Monique Griego  has more on how many cameras county police are asking for.

They say they want 14 more cameras– seven more speed cameras and seven more red light cameras.

Ebenezer Road near Perry Hall High School is one of several locations under consideration for a new speed camera.

Police are asking for permission to add seven more to the roster of 15 speed cameras already scattered around the county.

It’s an idea that raises a lot questions for some drivers.

“How many people are getting tickets? How much revenue is it generating? And what are they doing with it?” one driver asked.

Those are the kinds of questions County Council members want answers to before they approve a new contract with the traffic camera company already operating the county’s speed cameras and eight red light cameras.

An October report from the Maryland Public Interest Research Group warns local governments to review those traffic camera contracts with a critical eye.

Baltimore County Police haven’t said exactly where the seven new speed cameras and seven new red light cameras will go, but say the cameras already in place are making school zones safer.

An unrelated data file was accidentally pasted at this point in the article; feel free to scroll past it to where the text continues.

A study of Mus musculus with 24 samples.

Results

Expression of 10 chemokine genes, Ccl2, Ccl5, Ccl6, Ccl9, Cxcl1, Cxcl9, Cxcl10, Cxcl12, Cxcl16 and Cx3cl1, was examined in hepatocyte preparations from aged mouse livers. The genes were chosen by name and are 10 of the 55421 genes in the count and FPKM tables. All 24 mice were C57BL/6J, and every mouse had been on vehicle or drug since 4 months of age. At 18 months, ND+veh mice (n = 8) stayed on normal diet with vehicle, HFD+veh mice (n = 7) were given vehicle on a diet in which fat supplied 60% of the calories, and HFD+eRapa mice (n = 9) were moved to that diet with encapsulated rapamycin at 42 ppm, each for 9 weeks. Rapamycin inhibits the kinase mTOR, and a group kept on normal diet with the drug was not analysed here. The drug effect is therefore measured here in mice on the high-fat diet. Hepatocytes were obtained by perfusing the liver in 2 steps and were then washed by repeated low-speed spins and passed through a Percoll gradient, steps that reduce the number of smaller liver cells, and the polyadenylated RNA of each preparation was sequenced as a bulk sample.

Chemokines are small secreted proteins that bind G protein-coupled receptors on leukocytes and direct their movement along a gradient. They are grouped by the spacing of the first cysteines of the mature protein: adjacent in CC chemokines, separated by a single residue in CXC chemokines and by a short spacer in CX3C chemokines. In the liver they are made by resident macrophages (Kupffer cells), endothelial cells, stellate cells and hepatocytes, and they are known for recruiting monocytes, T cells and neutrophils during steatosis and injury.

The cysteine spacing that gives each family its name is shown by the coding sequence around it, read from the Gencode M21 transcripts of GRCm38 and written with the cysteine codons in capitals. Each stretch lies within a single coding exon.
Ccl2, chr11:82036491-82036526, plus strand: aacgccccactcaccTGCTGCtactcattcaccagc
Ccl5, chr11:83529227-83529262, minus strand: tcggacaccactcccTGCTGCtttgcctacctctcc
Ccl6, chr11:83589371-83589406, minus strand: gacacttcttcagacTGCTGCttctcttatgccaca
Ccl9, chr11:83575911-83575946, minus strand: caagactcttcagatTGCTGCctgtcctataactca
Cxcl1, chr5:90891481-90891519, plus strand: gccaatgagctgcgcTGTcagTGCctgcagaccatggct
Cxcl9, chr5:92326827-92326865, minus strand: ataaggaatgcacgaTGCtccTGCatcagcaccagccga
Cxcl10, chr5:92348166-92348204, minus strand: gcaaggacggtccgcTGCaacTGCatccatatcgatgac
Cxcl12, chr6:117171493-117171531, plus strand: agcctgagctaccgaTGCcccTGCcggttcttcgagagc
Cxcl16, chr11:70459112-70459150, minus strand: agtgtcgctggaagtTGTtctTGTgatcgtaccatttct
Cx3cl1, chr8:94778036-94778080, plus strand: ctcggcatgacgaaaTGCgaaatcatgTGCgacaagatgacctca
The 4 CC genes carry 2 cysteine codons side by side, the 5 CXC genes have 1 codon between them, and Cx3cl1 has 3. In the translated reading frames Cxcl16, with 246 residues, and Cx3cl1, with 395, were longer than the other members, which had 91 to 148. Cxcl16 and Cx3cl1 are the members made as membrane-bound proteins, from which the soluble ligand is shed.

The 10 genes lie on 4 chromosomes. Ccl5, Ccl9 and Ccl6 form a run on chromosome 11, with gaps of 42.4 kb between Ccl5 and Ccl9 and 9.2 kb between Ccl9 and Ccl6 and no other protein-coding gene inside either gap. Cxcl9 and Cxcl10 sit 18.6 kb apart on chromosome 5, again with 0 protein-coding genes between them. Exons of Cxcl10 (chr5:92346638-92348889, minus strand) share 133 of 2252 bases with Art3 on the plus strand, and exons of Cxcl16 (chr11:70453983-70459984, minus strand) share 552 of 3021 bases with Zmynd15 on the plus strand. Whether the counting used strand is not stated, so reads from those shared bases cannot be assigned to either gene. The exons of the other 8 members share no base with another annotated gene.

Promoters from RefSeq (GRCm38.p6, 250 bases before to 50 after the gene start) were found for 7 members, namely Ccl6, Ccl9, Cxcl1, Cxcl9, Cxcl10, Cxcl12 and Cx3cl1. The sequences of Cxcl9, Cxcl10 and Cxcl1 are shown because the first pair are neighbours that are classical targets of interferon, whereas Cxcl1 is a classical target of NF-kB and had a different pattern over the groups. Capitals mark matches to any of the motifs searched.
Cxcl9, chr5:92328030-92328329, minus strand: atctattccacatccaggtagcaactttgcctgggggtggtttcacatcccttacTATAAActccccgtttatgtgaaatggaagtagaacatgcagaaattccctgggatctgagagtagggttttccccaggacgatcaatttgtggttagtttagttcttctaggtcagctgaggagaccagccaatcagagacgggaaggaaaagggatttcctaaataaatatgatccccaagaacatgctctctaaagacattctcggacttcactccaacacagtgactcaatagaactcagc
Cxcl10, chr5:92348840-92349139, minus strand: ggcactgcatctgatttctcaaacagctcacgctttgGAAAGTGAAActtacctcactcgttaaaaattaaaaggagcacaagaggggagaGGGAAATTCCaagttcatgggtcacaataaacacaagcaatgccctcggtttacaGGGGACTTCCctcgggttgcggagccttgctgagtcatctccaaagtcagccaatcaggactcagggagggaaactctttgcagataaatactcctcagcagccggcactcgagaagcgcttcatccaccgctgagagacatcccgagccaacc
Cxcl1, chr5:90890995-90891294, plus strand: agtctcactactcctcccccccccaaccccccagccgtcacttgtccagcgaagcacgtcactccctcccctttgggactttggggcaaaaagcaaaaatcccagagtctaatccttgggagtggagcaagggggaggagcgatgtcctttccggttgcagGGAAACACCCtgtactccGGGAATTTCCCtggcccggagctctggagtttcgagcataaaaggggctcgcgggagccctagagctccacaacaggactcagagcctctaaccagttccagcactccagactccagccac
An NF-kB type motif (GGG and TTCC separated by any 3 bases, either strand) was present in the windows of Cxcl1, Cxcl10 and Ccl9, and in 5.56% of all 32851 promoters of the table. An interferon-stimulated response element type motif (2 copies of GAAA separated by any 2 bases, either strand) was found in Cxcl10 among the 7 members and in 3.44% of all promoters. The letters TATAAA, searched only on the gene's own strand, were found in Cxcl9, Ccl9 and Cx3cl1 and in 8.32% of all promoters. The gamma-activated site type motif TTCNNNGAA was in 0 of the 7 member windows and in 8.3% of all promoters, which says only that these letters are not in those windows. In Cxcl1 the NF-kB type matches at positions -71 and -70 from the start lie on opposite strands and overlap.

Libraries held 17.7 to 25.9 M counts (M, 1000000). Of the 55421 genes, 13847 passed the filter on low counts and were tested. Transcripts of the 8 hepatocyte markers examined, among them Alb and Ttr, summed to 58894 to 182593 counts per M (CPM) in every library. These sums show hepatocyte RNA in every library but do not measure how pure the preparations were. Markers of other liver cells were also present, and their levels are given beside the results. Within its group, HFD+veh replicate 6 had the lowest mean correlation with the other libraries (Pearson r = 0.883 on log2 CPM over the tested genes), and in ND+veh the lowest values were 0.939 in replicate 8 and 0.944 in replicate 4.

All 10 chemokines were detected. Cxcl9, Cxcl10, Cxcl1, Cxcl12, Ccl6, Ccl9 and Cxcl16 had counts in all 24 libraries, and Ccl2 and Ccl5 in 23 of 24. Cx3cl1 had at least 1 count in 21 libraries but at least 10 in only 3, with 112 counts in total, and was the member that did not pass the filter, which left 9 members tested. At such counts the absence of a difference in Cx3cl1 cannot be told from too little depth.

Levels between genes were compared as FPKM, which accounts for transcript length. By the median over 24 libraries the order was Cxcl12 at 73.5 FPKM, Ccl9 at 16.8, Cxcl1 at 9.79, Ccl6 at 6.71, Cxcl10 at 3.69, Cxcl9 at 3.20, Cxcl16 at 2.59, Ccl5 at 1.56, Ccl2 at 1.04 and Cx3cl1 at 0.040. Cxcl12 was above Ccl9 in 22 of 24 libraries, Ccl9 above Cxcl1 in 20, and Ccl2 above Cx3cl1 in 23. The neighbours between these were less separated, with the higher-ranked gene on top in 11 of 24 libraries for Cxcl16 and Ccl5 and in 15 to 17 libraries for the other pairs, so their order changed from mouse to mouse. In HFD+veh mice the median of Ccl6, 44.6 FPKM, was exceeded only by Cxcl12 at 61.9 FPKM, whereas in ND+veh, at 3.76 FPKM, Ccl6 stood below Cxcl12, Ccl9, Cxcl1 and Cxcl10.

“In several of the locations, the cameras have really radically reduced speeding and changed motorist behavior,” Elise Armacost, spokeswoman for the Baltimore County Police Department, said.

The cameras mean millions in revenue to the county and the private company operating them. But to many drivers, adding more is a tough sell.

“Definitely near the schools, but I’m a little on the fence for anywhere else,” another driver said.

“There’s kids that aren’t paying attention all the time so I guess for their safety, it’s beneficial,” said another.

“They need to take all that stuff out. It’s just a money making thing,” one person said.

“I don’t like the fact that I get a ticket but if it’s saving someone’s life, then I guess it’s worth it,” said another.

The County Council is expected to review the traffic camera contract during its work session on Tuesday, but a vote on the contract isn’t expected until it meets Jan. 17.

Under the terms of the contract, Baltimore County Police would remain in charge of determining where the traffic cameras are needed most.